Studies have shown that when employees are empowered, they are more likely to take ownership of the company goals, and the employer will see an increase in employee retention and loyalty; however, according to Gallop’s 2017 study, “only 30% of U.S. employees, and 13% worldwide, are engaged.” While you may be thinking that doesn’t sound too bad. A disengaged employee can be crippling to many businesses.
Leave some members out of the loop for information or activities, and you may see a decline in your staff morale, create a toxic workplace, and staff members leaving your employ. Entrepreneur.com explains, “this disengagement costs the U.S. economy between $450 billion and $550 billion every year in squandered productivity. Beyond wasted dollars, dwindling employee engagement negatively affects businesses in a number of other ways.”
How do businesses create a more engaging environment?
The first step, is recognizing poor behaviors and ensuring improvement. To be aware, let’s review a few “bad” practices that no one wants to experience: extreme hierarchy (I once worked for a manager that referred to his office staff as “the commoners”), undermining, micro-managing, being late, speaking out of turn, forgetting commitments, gossiping, and generally being inconsiderate of others time or boundaries. These disrespectful behaviors, while not always intentional, create mistrust and discontentment in the workplace, which can easily cause many problems within the organization.
As Office Manager, I am responsible for ensuring that the employees’ needs in the workplace are met, thereby allowing them to do the work they do best. Over the years, I’ve learned a few good practices as well. Let’s focus on some of the “good” practices!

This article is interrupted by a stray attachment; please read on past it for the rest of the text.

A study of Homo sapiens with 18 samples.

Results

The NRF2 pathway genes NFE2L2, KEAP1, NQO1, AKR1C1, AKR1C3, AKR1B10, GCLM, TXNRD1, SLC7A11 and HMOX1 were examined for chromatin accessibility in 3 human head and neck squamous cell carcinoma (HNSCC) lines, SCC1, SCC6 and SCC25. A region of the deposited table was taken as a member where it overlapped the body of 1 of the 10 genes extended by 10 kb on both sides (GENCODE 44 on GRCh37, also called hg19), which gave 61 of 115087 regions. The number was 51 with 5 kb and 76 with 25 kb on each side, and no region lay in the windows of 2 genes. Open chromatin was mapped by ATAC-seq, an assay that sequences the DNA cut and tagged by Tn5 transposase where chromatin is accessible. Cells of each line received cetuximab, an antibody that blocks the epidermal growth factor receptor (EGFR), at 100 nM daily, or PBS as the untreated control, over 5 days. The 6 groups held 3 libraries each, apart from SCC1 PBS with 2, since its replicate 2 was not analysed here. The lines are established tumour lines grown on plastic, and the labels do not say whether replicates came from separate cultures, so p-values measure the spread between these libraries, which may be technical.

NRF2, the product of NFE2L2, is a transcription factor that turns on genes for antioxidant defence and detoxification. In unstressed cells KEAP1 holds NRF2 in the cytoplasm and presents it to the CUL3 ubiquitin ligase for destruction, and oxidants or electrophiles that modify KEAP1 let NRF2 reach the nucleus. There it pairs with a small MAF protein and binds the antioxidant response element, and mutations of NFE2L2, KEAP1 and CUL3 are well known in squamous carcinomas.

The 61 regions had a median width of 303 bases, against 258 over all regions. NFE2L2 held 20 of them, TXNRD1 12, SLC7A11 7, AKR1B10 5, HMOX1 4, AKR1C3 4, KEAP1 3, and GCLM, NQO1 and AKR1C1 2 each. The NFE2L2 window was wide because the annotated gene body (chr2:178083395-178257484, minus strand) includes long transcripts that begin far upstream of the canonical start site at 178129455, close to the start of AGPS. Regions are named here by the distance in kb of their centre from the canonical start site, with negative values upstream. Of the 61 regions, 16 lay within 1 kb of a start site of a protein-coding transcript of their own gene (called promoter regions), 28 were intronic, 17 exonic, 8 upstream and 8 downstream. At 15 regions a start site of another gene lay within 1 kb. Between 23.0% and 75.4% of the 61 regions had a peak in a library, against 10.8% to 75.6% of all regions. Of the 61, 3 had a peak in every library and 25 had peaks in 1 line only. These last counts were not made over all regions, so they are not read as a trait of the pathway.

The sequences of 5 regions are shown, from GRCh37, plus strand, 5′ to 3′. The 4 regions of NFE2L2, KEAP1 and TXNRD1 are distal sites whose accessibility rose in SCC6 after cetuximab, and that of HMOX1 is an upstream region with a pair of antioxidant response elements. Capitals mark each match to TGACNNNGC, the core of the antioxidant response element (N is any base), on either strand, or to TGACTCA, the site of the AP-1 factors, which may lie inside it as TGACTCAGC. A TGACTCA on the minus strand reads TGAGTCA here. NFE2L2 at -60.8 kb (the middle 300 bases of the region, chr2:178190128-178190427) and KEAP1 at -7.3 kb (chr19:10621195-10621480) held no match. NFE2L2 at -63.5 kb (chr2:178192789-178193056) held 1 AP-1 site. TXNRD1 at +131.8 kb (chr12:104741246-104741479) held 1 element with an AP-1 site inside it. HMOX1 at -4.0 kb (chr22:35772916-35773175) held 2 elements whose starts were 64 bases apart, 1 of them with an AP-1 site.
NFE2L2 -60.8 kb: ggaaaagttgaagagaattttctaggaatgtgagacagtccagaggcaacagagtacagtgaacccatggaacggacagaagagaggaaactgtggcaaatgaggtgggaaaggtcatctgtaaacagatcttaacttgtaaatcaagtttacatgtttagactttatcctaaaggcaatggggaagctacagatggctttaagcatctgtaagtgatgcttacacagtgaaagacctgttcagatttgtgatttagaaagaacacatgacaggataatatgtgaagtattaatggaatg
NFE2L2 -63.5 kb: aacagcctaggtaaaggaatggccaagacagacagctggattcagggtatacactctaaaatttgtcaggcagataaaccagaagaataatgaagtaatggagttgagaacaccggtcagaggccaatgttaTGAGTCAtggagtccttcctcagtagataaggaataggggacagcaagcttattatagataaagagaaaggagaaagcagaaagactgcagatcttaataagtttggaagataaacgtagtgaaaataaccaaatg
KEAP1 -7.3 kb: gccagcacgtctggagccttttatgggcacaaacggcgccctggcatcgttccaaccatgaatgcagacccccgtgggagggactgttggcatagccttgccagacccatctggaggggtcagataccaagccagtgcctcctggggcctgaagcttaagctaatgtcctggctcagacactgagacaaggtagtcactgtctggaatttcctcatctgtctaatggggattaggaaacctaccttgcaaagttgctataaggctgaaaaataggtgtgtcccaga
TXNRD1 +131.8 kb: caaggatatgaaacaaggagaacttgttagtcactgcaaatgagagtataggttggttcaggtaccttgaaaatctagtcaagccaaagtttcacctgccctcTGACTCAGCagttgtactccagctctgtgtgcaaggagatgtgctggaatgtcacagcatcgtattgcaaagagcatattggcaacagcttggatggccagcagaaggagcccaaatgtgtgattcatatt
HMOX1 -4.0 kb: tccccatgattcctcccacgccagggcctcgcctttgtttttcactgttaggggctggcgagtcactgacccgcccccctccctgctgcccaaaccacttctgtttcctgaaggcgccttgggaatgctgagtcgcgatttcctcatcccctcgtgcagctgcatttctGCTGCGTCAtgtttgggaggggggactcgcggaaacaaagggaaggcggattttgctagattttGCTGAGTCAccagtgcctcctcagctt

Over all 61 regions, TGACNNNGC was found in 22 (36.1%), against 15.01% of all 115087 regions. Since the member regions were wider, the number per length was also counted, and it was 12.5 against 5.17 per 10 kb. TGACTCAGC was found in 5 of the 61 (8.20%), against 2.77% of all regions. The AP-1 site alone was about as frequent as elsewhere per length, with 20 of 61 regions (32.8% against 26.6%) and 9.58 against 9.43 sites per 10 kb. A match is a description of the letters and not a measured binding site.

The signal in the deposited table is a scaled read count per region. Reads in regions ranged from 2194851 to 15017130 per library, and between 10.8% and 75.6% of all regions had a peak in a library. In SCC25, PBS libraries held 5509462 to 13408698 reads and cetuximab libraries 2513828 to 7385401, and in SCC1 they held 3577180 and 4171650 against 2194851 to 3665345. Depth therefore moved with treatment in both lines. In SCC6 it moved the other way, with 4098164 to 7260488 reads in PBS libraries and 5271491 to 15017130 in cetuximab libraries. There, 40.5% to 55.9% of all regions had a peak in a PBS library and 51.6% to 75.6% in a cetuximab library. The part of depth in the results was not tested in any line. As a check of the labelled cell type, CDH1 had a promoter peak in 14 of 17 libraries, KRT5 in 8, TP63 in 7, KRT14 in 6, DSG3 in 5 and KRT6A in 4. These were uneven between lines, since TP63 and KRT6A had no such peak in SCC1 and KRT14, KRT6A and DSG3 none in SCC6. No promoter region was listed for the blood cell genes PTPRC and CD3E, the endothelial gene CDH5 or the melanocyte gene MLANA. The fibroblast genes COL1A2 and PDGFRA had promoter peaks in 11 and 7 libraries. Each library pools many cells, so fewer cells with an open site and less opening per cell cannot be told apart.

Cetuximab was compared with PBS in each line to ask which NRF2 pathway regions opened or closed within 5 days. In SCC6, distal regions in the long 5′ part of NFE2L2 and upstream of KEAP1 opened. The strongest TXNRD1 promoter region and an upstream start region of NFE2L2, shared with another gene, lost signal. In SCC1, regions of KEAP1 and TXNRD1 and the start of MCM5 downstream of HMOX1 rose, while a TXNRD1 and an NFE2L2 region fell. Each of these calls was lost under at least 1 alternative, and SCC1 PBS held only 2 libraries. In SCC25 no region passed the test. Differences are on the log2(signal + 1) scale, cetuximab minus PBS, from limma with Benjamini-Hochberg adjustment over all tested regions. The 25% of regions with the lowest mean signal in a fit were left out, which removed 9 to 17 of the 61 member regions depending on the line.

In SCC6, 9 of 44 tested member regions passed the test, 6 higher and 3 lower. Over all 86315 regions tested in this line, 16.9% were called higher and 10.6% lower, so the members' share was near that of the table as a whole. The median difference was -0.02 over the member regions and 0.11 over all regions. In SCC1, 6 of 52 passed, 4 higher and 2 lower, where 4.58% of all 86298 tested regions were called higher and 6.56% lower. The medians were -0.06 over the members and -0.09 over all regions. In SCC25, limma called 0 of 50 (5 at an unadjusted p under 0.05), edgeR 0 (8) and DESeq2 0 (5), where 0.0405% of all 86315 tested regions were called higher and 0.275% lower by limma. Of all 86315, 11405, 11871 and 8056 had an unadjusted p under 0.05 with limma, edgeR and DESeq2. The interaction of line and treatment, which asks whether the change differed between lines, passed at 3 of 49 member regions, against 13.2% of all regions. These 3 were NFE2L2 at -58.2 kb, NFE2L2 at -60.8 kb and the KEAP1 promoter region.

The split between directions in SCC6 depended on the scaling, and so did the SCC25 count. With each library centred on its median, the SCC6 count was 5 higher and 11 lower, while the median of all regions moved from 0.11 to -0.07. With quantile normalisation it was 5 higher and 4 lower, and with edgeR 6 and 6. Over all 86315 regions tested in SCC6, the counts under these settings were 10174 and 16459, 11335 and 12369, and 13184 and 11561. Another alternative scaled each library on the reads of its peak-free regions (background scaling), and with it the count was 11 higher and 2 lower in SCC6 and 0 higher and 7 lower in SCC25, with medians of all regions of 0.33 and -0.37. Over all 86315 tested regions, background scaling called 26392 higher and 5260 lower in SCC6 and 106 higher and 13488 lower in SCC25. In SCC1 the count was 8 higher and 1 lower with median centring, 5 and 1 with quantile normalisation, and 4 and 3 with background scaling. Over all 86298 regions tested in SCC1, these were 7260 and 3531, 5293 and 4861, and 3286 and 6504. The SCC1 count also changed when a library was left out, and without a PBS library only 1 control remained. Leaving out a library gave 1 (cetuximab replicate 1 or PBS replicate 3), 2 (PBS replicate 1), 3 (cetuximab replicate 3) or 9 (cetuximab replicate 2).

Think of your employees as “customers”
Some examples may include being honest and fostering open communication, trust, and respect. Host team building activities to increase comradery, recognize big and small wins, say “thank you”, give concise expectations, be flexible - where possible, but keep commitments and deadlines. And lastly, give people space and authority to do their job, while truly working together as a team. The old “Golden Rule” is so applicable here! Simply put, treat others as you want to be treated.
Not all co-workers are working from the same physical location. In my role, I am fortunate to see most our team in our head office every day, but I also work closely with teams in Toronto, ON and Chicago, IL. The distance is not the only hurdle, the SPLICE team (like many businesses) is diverse with a myriad of personalities, skills, talents, backgrounds, nationalities, and even ages. All these factors must be considered in creating employee engagement.
Part of our mission, at SPLICE, is to instill trust and respect amongst our peers no matter the diversity. A good team wants each member to feel important, included, and valued. Just as businesses strive to connect with customers and improve their experiences, businesses must focus their efforts towards understanding their employees and acting in accordance to those needs.
Keep A Good Pulse on Your Employees
Here at SPLICE, we like to use a tool called TINYpulse to send out a weekly question to our employees. Their answers are completely anonymous, allowing them to freely give feedback – and allowing our HR team to measure employee engagement, and where there may be potential difficulties brewing. With this insight, changes can be made as opportunities arise. While employees benefit from feedback on their performance, this tool gives employees a voice to safely give feedback to management too. This allows everyone to see that the team is working together.
I’m sure many can relate when I say, I have worked with some amazing folks – and a few that need a bit of direction in how they behave at work. When tackling employee engagement, don’t expect perfection; instead, commit to continuous improvement.